Businessman attacked estranged wife’s lover with a cricket bat


Nigel Underwood produced the weapon from his car and struck out at Andrew Wordsworth, the court was told.

Andrew Scott, prosecuting, said the incident happened as Mr Wordsworth arrived with Sarah Underwood back at a caravan in Chapel St Leonards where she had been 
staying.

Mr Wordsworth was struck a glancing blow to the head but managed to protect himself with his 
arm.

He suffered injuries including grazing to his left arm and a bump to his 
head.

Underwood later went to Skegness Police Station where he handed himself in and confessed to what he had done.

Mr Scott said: “Mr Wordsworth was a recovering alcoholic. Mrs Underwood 
was also a recovering alcoholic.

“They met at a treatment centre in Barnsley. They started up a relationship and when Mrs Underwood was discharged she said she wanted a separation.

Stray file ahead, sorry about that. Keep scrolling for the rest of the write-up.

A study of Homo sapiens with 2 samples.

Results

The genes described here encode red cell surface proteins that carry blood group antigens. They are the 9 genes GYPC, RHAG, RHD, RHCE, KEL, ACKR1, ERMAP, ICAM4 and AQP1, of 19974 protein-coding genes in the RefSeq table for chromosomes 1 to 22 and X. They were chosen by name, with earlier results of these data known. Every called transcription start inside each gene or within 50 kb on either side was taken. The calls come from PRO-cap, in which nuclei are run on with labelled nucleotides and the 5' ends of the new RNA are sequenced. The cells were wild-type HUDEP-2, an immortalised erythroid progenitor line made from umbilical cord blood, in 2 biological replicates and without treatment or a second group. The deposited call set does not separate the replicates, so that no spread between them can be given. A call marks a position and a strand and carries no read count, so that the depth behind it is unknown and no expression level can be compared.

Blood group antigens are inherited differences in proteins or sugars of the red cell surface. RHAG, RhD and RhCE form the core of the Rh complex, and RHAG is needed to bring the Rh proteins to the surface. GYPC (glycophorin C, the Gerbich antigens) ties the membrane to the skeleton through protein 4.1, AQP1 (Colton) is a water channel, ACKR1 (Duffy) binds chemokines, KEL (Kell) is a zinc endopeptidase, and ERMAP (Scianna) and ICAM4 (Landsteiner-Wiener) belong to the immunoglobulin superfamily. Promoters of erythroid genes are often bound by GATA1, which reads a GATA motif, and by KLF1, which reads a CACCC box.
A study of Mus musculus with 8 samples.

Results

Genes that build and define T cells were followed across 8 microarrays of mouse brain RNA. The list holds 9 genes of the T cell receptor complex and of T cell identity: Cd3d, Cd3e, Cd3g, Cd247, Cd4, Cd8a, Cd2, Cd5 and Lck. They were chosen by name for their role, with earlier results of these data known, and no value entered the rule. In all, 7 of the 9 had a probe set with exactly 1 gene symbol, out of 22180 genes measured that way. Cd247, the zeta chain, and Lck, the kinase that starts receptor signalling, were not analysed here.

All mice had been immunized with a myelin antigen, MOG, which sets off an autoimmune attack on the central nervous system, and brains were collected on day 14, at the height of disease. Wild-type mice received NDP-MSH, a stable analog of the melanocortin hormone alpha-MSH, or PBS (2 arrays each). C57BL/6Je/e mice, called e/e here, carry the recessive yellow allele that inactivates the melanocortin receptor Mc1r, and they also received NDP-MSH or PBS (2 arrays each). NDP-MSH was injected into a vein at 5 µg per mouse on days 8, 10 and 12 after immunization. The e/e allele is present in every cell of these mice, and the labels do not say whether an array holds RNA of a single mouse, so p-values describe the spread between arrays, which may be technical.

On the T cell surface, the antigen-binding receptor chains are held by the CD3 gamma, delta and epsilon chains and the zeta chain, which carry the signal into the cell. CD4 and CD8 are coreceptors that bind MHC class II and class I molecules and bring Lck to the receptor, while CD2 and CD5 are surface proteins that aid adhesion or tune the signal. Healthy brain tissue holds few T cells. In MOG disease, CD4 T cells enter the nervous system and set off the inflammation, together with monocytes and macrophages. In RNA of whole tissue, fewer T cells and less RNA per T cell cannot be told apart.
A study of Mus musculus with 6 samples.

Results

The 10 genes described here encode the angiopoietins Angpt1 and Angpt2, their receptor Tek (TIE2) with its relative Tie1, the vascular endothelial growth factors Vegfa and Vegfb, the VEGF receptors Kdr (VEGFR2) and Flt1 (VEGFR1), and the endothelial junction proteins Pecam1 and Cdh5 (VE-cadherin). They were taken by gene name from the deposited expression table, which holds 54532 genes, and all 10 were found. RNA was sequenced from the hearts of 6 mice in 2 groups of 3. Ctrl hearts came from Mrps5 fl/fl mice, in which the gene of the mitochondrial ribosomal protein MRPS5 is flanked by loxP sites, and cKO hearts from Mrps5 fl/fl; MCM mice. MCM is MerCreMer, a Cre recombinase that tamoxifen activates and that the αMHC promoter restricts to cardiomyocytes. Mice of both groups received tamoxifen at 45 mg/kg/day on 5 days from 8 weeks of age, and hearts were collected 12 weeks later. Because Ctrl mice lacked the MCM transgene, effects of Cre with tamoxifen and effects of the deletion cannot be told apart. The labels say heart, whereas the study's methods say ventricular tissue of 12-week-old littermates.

“She moved to a caravan in Chapel St Leonards. The defendant did not take the news very well.”

The attack happened on the day Mrs Underwood collected Mr Wordsworth following his discharge from the rehab centre.

The couple arrived back at the caravan to find Nigel Underwood waiting for his wife.

Mr Scott said: “The defendant described his actions as stupid.

“In interview he said that when his wife came out of rehab she was a different person.

“She said she needed space. She was still coming back to their home. When she didn’t come back that night he went to see where she was.”

Nigel Underwood, 45, of St Andrews Drive, Skegness, admitted charges of assault and possession of an offensive weapon as a result 
of the incident on September 11.

Today (Tuesday) he was given a 12 month community order with supervision. He was also ordered to pay £250 compensation to Mr Wordsworth, £250 prosecution costs and a £60 victim surcharge.

Recorder Ciaran Rankin told him: “You are an intelligent and successful businessman employing many people. It is clear that this happened at an emotionally charged time in your 
life.”

Sunil Khanna, defending, said Underwood had no previous convictions and was embarrassed by what he had done.

He said: “He is a very sensible and honest, upstanding man.”